Want to know what it looks like inside the legendary Hall H, the biggest venue at Comic-Con, the one where people camp out for days in advance to see the biggest stars and the coolest advance previews? When LAIKA CEO and animator Travis Knight asked the audience to send get-well love to “The Boxtrolls” co-star Tracy Morgan boxtroll fashion (they show approval by softly smacking their chests), here is what happened.
Some other highlights:
The writers of “The Big Bang Theory” described the episode where the characters are devastated at not getting Comic-Con tickets (yes, they know you don’t hit “refresh” anymore but it isn’t exciting television to just have them staring at their screens). Incredibly, it was the first time guest stars James Earl Jones and Carrie Fisher had ever met. And of course, her first word to him: “Daddy!” Extra excitement — a surprise appearance by Wil Wheaton! And a trailer for “Serial Apeist 2!”
The masquerade competition had several “Game of Thrones” tributes, the best a mash-up with “West Side Story” titled (of course) “Westeros Side Story.”
Several celebrities donned costumes to roam the Exhibition Hall, including Guillermo del Toro (Mexican wrestler mask), Peter Jackson (clown), and actors Daniel Radcliffe and Maisie Williams, who both wore Spider-Man masks. Williams won the heart of the Con by revealing her disguise on Instagram and, when she was not disguised, wearing a dress made from comic books!
I didn’t see a single Klingon this year. Odd. (Coming soon, my favorite costumes worn by attendees. You’ve got to see them to believe them.)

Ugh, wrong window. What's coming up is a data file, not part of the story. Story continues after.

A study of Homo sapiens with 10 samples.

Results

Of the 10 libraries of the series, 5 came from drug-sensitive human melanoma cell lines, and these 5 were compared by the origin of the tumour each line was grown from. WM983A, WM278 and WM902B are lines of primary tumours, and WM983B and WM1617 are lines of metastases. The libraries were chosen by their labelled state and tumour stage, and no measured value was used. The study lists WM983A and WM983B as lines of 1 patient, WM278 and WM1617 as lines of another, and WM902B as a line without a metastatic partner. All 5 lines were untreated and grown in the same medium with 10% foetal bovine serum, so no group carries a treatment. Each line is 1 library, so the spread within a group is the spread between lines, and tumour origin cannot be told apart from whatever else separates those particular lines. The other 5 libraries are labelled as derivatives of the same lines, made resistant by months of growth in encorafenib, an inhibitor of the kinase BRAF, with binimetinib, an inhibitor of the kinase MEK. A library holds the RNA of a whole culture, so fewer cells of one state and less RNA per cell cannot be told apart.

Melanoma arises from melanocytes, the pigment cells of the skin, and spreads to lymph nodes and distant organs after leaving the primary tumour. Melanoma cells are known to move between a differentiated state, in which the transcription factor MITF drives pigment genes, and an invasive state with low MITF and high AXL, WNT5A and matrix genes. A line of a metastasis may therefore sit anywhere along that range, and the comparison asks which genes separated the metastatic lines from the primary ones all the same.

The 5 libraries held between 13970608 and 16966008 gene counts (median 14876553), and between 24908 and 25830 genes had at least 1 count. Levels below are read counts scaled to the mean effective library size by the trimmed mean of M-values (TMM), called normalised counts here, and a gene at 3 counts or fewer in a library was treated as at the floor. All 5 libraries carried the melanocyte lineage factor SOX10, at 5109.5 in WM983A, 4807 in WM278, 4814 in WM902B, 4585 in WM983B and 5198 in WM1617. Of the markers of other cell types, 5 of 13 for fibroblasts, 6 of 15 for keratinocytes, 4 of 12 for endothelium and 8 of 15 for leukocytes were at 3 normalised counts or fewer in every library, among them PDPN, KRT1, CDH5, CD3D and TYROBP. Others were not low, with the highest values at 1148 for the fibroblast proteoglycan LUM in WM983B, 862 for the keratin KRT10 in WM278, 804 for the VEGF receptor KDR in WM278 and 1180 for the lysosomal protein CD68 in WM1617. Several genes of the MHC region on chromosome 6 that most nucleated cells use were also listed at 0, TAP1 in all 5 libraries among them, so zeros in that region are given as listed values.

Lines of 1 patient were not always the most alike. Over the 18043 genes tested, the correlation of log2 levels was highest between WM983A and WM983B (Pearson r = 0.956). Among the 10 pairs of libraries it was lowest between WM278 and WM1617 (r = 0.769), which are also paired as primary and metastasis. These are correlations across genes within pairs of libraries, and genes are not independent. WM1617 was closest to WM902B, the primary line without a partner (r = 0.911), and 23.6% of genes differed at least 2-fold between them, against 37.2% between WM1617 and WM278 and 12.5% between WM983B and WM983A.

Sir Ben Kingsley spoke to me about playing the villain in “The Boxtrolls,” and said for some unknown reason he had just made three movies in a row set in ancient Egypt: “Exodus,” a TV miniseries called “Tut,” and “Night at the Museum 3.”
I was on the escalator going down as I saw getting on the escalator coming up members of the cast of “The Hobbit,” Cate Blanchett, Lee Pace, and Andy Serkis. All I could say was, “I’m a fan!” I got to see them all in a small press event, too, along with director Peter Jackson and a bunch of the other actors.
I also went to a wonderful panel discussion of villains “from Snidely Whiplash to Voldemort.” My favorite comment was from an author who quoted his wife: “A dragon destroys a village, and when the people yell, ‘Monster!’ he looks behind him to see who they are talking about.”
Two different events I attended had interesting discussions of fandom. The Pop Culture Happy Hour Podcast did a live show from Comic-Con. It was a special treat to see Maggie Thompson, mother of PCHH regular Stephen Thompson. Maggie is revered by nerds, geeks, and fanboys everywhere as co-founder of the Comics Buyers Guide. As always, the conversation was fast, funny, and incisive. They talked about the difference between early fans of music or other popular culture and their mixed feelings when what they love becomes broadly successful.
And I attended the Comic Arts Conference, the annual gathering of scholars who study comics from many different perspectives, that always goes on parallel to Comic-Con. The panel I attended this year had ten students presenting the results of surveys and studies they did throughout the Con. They talked about cosplayers (the people who wear costumes) and families who bring young children.
I tried a demo of the new Oculus Rift virtual reality technology at the Twentieth Century Fox Home Entertainment booth and got to accompany Professor X (voice of Patrick Stewart) into the Cerebro to track Mystique. It was very cool.
And one of my favorite moments was unexpected and very sweet. It happened in the middle of the seemingly endless and always packed Exhibition Hall, where everything around me seemingly twinkled, spun, beeped, and glowed, each both more inviting than the next like Ali Baba’s cave, all of a sudden the original “Star Wars” started playing on an overhead screen. It was the scene right before they go into the garbage compactor. I love that scene. I’ve seen it a million times. I probably know it by heart. But I stopped to watch. And all around me were thousands of fans who know it even better than I do, and they all stopped, too.